Universal charging tech: At the Continental Tech Show in June and the IAA in September, the supplier will introduce its system AllCharge, which turns the electric powertrain into a charger able to draw from all types of charging standards. It is said to use the maximum output rate of up to 800V and perspectively up to 350 kW. As the system is bidirectional, it is not only a way in but also a way out for the energy stored inside the EV batteries.
Hungary has got its battery plant: Samsung completed construction of its battery plant as planned in Hungary, where the company wants to start large scale production. However, the lines won’t move before the second quarter of 2018. Only then the output shall accumulate to 50,000 EV batteries a year. The Goed facility close to Budapest is the European leg of what Samsung considers its global production tripod with Ulsan, South Korea and Xian, China closing the triangle.
10 x more batteries: More news from Korea hummed on the wire as SK Innovation intends to extend its li-ion battery production facilities tenfold, from 1.1 GWh in the past year to 10 GWh by 2020. Latest by then, energy density of SK cells will reportedly have been upgraded in order to enable EVs to reach 500 to 700 kilometres on a single charge.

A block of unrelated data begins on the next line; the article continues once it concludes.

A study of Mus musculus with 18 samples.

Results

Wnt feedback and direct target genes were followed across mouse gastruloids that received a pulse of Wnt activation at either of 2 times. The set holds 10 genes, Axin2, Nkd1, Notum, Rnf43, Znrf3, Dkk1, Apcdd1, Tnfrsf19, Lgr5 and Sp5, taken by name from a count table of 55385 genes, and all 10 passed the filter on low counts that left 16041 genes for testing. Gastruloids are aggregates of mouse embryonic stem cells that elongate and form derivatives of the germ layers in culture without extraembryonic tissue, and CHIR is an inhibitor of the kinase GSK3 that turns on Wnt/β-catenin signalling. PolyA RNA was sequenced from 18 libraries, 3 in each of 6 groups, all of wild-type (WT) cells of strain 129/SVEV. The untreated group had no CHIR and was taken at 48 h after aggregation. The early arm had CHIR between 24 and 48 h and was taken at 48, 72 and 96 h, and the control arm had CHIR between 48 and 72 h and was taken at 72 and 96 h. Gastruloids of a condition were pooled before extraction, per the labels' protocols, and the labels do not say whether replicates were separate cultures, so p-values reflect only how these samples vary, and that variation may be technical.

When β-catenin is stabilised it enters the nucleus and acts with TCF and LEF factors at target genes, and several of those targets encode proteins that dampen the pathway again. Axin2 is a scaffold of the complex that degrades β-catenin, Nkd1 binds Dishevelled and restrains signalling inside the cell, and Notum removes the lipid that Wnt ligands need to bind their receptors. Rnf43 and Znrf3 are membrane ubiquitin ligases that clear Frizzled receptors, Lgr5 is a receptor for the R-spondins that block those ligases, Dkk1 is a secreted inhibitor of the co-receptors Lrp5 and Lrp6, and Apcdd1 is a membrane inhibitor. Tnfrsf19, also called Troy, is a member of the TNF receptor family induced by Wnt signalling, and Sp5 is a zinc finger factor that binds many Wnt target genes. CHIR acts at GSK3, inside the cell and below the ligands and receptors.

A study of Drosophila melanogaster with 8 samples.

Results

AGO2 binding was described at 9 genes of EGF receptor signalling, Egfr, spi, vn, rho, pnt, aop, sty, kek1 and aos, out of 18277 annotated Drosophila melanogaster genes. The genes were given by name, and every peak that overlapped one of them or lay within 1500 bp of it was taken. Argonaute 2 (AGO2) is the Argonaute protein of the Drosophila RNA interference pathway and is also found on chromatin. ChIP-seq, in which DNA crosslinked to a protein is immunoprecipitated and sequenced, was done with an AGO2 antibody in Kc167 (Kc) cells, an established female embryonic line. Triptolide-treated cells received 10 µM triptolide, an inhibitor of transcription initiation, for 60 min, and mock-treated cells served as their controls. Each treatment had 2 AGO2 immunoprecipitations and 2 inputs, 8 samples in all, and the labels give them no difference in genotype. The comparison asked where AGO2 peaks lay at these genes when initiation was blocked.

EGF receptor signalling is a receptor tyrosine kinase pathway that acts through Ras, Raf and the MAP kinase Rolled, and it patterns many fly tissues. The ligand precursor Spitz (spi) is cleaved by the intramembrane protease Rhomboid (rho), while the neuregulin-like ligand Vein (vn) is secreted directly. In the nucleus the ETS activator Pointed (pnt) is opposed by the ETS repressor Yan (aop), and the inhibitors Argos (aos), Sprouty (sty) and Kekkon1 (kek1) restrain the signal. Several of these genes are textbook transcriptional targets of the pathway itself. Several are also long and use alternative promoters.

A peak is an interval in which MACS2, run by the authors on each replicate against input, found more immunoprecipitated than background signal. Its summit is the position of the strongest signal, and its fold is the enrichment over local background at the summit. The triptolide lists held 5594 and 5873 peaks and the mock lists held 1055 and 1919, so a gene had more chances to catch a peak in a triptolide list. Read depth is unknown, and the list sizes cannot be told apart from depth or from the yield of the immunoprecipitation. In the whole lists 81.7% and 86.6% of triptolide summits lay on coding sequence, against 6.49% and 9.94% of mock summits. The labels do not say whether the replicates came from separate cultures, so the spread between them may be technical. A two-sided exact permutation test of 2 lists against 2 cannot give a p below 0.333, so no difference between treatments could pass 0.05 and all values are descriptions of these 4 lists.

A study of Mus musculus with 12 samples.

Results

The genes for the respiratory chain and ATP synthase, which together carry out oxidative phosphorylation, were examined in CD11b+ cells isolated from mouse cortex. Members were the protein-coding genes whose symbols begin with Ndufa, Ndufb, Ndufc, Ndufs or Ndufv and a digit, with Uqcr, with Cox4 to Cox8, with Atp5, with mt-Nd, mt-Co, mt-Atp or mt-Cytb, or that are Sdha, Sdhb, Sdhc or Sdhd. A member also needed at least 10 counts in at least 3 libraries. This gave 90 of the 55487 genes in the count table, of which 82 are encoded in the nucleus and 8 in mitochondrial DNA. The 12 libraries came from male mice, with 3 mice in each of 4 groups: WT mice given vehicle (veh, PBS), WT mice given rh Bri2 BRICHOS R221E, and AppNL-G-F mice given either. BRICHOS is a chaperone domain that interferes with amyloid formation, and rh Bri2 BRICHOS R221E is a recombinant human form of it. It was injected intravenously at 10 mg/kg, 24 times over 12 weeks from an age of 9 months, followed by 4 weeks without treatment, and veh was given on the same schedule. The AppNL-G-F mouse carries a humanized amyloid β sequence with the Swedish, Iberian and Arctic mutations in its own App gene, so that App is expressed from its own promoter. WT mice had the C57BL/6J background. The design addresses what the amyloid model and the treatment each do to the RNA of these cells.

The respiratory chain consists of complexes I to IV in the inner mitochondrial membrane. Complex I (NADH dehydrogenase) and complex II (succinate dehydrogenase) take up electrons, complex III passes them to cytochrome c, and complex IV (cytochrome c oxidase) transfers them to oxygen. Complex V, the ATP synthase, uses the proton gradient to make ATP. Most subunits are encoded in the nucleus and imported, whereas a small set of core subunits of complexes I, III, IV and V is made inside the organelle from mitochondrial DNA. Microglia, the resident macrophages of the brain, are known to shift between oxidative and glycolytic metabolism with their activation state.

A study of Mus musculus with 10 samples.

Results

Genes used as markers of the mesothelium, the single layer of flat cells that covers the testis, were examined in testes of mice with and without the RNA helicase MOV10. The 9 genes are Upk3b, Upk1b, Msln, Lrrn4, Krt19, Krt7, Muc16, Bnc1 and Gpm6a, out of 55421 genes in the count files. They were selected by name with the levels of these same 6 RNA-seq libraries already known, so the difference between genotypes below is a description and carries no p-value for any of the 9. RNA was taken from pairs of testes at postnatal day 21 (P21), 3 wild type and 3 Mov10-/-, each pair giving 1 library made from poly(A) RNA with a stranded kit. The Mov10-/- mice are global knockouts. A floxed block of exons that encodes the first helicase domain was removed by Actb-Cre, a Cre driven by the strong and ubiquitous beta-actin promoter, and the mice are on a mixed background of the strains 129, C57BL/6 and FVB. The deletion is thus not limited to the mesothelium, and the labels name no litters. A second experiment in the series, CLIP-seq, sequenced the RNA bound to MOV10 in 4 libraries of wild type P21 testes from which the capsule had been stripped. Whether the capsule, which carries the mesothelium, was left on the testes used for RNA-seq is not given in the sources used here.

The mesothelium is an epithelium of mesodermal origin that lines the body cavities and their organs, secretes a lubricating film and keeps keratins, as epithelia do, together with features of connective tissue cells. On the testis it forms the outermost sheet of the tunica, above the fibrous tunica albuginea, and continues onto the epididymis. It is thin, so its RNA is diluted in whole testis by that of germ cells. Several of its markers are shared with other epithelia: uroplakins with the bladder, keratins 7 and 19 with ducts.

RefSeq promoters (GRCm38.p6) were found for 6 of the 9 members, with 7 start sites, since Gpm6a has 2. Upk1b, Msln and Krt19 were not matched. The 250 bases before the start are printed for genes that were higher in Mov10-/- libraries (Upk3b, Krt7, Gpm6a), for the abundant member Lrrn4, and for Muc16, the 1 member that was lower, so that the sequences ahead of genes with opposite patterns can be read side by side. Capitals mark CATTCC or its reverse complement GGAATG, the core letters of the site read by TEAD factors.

eRamp project completed: Led by Infineon, 26 research partners from six countries have explored innovative electronics components for efficient energy use over 3 years. They looked at the entire power electronics value chain. Now eRamp reached its end and leaves the members convinced that the project has indeed “strengthened Germany and Europe as centres of expertise for power electronics.”